Japan stunned the top European nations at Sapporo on Sunday (6 February) by winning all three medals in the 70-metre jump at the 11th Winter Olympics.
GV PAN..Miyanomori 70-metre jump as skier down
SV ZOOM to spectators
CU Yukio Kasaya (Japan) down on first jump
MV Sign - distance 84 metres
SV Kasaya on second jump to 79 metres (FILMED IN SLOW MOTION) waves at crowd
MV Kasaya to camera and hugged by officials
CU Kasaya on presentation stand
CU Scoreboard shows Japan in first three places
MV Japanese medal winners on stand
SV Makomanai indoor skating rink
Various shots Russian pair, Miss Irina Rodnina and Alexei Oulanov skate compulsory figures
SKI JUMP AND SPECTATORS WATCHING COMPETITORS; YUKIO KASAYA MAKING FIRST JUMP; AND SLOW MOTION OF HIS SECOND JUMP; MEDAL WINNERS WITH OFFICIALS AND CAMERAMEN AND ON VICTORY STAND; MAKOMANAI INDOOR SKATING RINK AND SPECTATORS WATCHING IRINA RODNINA AND ALEXEI OULANOV SKATE COMPULSORY FIGURES.
Initials ES. 1715 ES. 1740
Whisky salesman Yukio Kasaya was the toast of all Japan after winning the jump and his country's first-ever gold medal in the Winter Olympics. Akitsugu Konno captured the silver medal and Seiji Aochi the bronze to complete an historic clean-sweep before watching Government officials and Emperor Hirohito.
As hundreds of excited fans mobbed the triumphant trio, winter sports experts were speculating how long it would be before the Japanese started dominating other winter sports which have always been the preserve of European countries.
At the Makomanai indoor skating rink, the atmosphere was slightly more restrained for the compulsory section of the figure skating competition. The Soviet Union's world champion pair, Miss Irina Rodnina and her partner Alexei Oulanov, scored the most points to take the lead from another Russian pair.
SYNOPSIS: The 70-metres Miyanomori ski jump was the scene of a spectacular triumph for the Japanese on Sunday, the fourth day of the Winter Olympics at Sapporo. Japan's Yukio Kasaya, a whisky salesman, had the longest jumps during practice, and his first official jump put him well in the lead for the gold medal. He launched himself with a good spring from the jumping platform, and scored some of the highest points of the day for his style in the air. Kasaya's jump was the longest of the day.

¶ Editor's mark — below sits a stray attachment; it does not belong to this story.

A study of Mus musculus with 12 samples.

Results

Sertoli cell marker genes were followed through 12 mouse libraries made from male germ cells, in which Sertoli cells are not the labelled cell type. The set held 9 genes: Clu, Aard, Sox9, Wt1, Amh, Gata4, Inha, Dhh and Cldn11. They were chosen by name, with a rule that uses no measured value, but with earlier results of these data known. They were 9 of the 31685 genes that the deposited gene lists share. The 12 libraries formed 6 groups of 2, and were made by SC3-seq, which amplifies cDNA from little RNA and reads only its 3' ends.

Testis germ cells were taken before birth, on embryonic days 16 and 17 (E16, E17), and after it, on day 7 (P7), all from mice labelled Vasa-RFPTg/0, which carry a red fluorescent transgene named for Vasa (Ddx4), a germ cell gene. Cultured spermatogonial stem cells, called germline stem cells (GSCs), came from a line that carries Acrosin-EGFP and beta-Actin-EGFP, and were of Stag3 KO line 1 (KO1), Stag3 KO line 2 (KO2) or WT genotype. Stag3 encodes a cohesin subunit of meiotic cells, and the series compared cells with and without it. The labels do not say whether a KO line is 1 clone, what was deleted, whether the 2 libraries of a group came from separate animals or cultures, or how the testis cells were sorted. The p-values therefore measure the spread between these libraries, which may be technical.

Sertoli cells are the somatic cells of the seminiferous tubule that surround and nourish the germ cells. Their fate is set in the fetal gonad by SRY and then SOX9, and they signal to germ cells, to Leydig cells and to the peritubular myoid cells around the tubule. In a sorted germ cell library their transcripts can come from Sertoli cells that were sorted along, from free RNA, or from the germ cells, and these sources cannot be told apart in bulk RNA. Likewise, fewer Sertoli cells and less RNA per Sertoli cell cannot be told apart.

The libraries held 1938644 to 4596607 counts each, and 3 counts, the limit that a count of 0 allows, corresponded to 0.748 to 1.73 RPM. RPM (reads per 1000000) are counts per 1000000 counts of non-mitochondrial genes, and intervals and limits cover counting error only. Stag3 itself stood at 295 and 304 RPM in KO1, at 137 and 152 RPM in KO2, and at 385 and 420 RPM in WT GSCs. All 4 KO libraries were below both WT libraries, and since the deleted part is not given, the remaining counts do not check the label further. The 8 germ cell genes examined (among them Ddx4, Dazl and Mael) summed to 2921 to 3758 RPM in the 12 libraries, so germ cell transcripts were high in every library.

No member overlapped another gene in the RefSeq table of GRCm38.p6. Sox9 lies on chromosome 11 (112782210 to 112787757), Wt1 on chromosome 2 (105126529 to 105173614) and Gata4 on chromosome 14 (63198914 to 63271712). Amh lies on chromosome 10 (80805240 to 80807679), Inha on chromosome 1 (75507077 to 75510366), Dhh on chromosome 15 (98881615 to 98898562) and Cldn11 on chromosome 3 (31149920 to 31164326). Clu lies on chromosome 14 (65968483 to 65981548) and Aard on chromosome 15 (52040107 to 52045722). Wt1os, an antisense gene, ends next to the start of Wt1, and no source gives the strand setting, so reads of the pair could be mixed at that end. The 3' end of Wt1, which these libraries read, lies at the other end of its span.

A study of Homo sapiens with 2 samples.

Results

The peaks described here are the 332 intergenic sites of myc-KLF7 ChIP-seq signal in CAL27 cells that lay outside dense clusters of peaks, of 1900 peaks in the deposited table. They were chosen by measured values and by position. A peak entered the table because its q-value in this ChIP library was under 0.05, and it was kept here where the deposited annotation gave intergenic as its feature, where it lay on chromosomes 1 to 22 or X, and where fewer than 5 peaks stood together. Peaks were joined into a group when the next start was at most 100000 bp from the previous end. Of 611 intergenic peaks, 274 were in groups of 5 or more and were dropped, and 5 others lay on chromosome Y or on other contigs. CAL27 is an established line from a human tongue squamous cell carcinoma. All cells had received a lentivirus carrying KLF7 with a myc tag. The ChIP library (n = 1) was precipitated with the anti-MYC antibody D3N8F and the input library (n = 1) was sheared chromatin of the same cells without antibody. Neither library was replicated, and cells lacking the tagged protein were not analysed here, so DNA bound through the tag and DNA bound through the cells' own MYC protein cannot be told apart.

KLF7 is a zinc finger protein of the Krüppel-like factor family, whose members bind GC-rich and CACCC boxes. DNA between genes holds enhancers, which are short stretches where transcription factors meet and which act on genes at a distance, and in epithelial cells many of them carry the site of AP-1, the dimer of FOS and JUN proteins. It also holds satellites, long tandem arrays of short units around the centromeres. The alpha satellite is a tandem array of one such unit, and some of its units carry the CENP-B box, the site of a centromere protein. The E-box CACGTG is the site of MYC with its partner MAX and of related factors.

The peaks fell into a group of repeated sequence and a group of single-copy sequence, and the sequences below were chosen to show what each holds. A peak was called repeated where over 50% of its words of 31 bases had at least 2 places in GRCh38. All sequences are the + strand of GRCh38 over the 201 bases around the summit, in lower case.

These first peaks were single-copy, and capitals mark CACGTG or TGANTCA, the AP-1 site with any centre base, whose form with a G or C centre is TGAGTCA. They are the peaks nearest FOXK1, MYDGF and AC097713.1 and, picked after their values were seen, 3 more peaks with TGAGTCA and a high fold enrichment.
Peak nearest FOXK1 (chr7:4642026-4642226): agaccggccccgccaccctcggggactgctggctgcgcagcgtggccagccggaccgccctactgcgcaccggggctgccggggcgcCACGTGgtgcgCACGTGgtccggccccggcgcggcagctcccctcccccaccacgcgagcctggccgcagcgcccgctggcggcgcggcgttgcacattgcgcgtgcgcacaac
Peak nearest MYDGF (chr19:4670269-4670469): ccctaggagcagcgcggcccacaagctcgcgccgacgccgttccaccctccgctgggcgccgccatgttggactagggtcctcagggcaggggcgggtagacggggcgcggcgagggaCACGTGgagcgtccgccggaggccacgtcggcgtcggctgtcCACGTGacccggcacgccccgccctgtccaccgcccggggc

His second jump, although only 79 metres, assured him of the gold medal -- Japan's first-ever in the Winter Olympics. The slow-motion camera reveals his almost faultiness style and him ability to control the slightest away. (PAUSE UNTIL CUE).
Kasaya had assured himself of the gold medal with the second jump, and was immediately mobbed by hundreds of excited fans. Akitsugu Konno captured the silver medal, and Seiji Aochi the bronze, to complete an historic clean-sweep for Japan. The medal presentation ceremony was watched by Emperor Hirohito and Government officials, and thousands of fans throughout the country.
The atmosphere was a little more restrained at the Makomanai indoor rink for the compulsory section of the Winter Olympics' figure skating pairs.
The Soviet Union's world champion pair -- Miss Irina Rodnina and her partner Alexei Oulanov -- scored the most points to take the lead from the number two Russian pair, Miss Ludmila Smironva and Andrei Souraikain. The world champion pair showed their skill when they completed the "A" compulsory in one minute and 46 seconds. They went through an intricate series of Double lutz lifts, double salchow, sit spina, flying camel spins and death spirals, and finished with a straight-line sequence. Some observers claimed the turns had not been fully completed, but the international judges gave then 0.1 of a point lead over their nearest rivals. An East German pair took third place, followed by the Americans Jojo Starbuck and Kenneth Shelley.